Yael T. Abouhalkah: Westboro Baptist protest of gay principal backfires
06/09/2014 8:39 PM
06/10/2014 7:05 PM
Hate-filled protests by those associated with the Westboro Baptist Church can be ugly affairs.
The day turned out to be yet another celebration of this country’s turn toward more acceptance of gay people.
Westboro Baptist members were in Washington, D.C., to hold their signs up and taunt Wilson High School Principal Pete Cahall. Last week, the 50-year-old man who had told students, teachers and others last week that he’s gay.
The announcement didn’t shake up the community or cause much of a commotion in the city.
So it’s good to hear that Wilson’s students had their principal’s back.
When Westboro Baptist showed up on Monday, media reports say from 1,000 to 1,200 students and others staged a counter-protest.
They brought their rainbow-colored signs to the event, showing support for not just Cahall but for others in the LGBT community.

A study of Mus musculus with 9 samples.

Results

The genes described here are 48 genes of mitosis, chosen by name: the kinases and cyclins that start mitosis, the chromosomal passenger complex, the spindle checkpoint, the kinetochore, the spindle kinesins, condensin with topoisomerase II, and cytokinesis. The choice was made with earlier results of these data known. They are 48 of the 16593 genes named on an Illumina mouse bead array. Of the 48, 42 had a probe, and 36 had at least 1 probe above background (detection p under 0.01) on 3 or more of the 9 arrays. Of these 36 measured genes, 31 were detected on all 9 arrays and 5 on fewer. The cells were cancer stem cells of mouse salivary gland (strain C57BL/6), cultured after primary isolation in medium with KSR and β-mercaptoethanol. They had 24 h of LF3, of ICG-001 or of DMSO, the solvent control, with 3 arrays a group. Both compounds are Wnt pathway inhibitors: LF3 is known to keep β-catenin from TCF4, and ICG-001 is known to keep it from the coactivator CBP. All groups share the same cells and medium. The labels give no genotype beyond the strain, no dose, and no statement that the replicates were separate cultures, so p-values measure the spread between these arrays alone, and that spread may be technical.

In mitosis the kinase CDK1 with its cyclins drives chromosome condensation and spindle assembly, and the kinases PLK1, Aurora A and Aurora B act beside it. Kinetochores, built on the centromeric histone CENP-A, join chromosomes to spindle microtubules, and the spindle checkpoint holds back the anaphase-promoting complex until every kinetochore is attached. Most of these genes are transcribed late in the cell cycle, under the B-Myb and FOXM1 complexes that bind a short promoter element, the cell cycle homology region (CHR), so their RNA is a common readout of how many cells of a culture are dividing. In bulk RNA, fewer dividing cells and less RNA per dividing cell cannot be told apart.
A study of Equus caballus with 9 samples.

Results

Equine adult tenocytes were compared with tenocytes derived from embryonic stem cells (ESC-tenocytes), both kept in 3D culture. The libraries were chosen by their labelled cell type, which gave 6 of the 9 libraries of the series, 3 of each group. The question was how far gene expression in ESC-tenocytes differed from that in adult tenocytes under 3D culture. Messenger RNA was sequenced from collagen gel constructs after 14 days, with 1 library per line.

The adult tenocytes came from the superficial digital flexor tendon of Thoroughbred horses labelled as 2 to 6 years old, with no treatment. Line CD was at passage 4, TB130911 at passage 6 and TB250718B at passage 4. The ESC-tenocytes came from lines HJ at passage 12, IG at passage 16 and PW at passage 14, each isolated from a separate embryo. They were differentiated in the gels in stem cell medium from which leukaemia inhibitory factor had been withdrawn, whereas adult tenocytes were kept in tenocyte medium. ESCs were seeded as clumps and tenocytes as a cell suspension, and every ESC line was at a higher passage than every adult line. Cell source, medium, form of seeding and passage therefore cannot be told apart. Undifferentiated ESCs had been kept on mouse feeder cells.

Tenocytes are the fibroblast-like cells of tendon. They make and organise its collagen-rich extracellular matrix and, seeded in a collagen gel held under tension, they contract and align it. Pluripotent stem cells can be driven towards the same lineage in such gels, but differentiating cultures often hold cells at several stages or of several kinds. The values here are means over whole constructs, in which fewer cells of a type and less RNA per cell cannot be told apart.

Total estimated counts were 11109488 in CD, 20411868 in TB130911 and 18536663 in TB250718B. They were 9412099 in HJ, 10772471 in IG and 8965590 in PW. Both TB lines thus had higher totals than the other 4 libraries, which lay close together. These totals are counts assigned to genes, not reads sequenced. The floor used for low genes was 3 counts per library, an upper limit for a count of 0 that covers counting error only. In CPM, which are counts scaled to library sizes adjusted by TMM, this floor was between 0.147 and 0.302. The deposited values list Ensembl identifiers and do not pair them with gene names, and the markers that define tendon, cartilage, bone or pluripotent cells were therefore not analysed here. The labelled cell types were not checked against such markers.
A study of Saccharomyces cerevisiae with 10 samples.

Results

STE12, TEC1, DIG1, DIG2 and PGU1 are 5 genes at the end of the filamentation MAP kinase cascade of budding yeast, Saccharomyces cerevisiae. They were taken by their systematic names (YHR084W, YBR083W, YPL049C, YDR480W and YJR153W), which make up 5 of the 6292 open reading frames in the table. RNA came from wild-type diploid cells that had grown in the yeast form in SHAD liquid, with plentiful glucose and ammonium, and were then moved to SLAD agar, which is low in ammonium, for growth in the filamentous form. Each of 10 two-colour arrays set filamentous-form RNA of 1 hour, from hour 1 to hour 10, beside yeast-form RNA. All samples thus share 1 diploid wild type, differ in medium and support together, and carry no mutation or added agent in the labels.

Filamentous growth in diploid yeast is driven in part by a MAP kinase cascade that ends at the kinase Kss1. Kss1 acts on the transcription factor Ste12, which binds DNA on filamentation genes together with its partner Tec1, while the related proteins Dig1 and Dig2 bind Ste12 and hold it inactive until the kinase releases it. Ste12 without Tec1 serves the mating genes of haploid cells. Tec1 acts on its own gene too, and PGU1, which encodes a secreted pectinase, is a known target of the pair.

The report from The Washington Post sums up everything quite nicely.
“But the Kansas church’s message was largely drowned out, dwarfed by a crowd of hundreds of students and community members who gathered in front of the school for a peaceful counterprotest. Led by student organizers urging those gathered to ‘fight the bigotry, fight the hate,’ the crowd chanted and waved rainbow flags and homemade signs proclaiming ‘Love is Love’ and ‘I Have Two Moms And Life Is Good.’”
The Post quoted Westboro Baptist Church leader Rebekah Phelps-Davis as saying the school was “damning the souls” of young people by teaching them to accept homosexuality.
This is more Westboro Baptist Church nonsense about homosexuality.
And it’s always good to see when that nonsense gets rebuffed in such a public way.
To reach Yael T. Abouhalkah, call 816-234-4887 or send email to firstname.lastname@example.org. He appears on “Ruckus” at 7:30 tonight on KCPT. Twitter @YaelTAbouhalkah.
Join the Discussion
The Kansas City Star is pleased to provide this opportunity to share information, experiences and observations about what's in the news. Some of the comments may be reprinted elsewhere on the site or in the newspaper. We encourage lively, open debate on the issues of the day, and ask that you refrain from profanity, hate speech, personal comments and remarks that are off point. Thank you for taking the time to offer your thoughts.